Proponents of pot legalization in Connecticut are hoping to keep the issue alive by holding public forums to garner feedback. (Helen H. Richardson, Denver Post file)

Pot legalization issue finds advocates scrambling in Connecticut

Two bills legalizing recreational marijuana have failed, but proponents plan to hold a public meeting to seek input

HARTFORD, Conn. — Even though two bills legalizing the recreational use of marijuana in Connecticut failed this session, proponents are seeking to keep the pot legalization issue alive by holding a public informational meeting on the subject.

Reps. Juan Candelaria and Toni Walker, both Democrats from New Haven, are seeking input on the pros and cons of marijuana legalization from experts and members of the public. The hearing is scheduled for Tuesday at the Legislative Office Building. It will run from 10 a.m. to 5 p.m.

“I think that the people deserve an opportunity or at least a forum to express their opinions on legalization,” said Candelaria, who also proposed legislation legalizing marijuana for those 21 years and older during the 2015 legislative session.

This session, bills offered by Candelaria and Walker received the support of more than a dozen legislative co-sponsors but were not called for a public hearing before the General Assembly’s Judiciary Committee. Legislative leaders, who’ve been grappling with how to cover large state budget deficits during a short legislative session, said this wasn’t the year to take up such a potentially contentious issue.

Also, Democratic Gov. Dannel P. Malloy, who successfully pushed for decriminalizing the possession of small amounts of marijuana in 2011 and signed legislation in 2012 legalizing the medical use of marijuana, has been unenthusiastic about going further and fully legalizing pot.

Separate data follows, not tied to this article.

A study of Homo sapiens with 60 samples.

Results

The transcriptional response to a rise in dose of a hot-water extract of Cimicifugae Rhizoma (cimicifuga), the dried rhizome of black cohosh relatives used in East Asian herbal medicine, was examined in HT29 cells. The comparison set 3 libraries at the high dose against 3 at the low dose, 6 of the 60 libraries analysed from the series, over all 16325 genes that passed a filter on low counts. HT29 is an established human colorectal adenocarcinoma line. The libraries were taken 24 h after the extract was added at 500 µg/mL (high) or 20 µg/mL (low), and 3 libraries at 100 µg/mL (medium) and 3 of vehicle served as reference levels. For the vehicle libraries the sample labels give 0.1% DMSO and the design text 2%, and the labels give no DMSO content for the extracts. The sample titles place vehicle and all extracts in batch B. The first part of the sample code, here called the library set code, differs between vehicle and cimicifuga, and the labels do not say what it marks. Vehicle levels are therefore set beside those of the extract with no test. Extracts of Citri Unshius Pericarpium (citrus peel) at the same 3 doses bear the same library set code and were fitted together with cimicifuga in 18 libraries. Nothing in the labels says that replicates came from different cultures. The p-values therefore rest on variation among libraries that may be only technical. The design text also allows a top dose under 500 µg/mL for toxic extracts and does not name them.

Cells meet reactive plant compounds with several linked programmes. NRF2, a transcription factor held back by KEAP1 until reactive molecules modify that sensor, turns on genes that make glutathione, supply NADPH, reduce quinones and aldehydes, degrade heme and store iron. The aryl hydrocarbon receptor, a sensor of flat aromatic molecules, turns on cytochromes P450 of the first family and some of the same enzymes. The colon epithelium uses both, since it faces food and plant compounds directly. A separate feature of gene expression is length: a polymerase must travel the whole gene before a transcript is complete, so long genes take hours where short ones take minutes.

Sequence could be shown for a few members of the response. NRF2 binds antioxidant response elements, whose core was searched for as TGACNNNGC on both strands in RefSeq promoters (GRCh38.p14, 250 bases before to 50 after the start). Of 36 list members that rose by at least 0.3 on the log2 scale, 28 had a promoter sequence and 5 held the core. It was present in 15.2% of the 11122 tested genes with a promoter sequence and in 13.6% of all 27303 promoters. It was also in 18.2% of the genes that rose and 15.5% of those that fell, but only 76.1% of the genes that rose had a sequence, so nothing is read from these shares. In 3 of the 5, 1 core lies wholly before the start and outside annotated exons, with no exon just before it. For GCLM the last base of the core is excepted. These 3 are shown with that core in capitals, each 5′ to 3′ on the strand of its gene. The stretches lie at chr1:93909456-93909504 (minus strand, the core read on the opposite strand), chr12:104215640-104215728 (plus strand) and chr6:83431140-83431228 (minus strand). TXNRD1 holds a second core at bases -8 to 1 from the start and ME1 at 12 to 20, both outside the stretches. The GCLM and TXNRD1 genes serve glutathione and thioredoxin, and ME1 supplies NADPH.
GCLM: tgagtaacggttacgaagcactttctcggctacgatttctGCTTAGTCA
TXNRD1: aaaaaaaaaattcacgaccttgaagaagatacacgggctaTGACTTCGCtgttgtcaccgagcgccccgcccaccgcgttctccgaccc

“I don’t believe that’s in our best interest. I think we’ve taken what I consider to be the right steps with marijuana and that is to stop using our laws on marijuana as a first step to lead to a criminal record so we decriminalized marijuana,” Malloy said at a public town hall meeting in February. “I’m not an advocate for legalizing marijuana.”

Candelaria contends the state needs to move beyond those two laws.

“There is a market out there that’s happening. I think we need to regulate it. We cannot turn a blind eye to the fact this is out there. People are in put in dangerous situations because they’re dealing directly with a drug dealer,” he said, adding how the state can also generate much-needed revenue.

Proponents estimate Connecticut could reap about $50 million in additional annual taxes through pot legalization. Walker is co-chairman of the legislature’s budget-writing committee and her bill called for the revenue generated from a tax on marijuana be deposited in the state’s main General Fund account, with some money diverted for drug awareness education and efforts to curb opiates, alcohol and other harmful substances.

Colorado Rep. Dan Pabon, one of the state legislators involved in crafting that state’s regulatory framework from recreational marijuana, is among the guest speakers tentatively scheduled to attend Tuesday’s hearing. Invited speakers will appear from 10 a.m. to noon, followed by members of the public. Those who wish to speak will be able to sign up starting at 8:30 a.m. in the first floor atrium of the Legislative Office Building.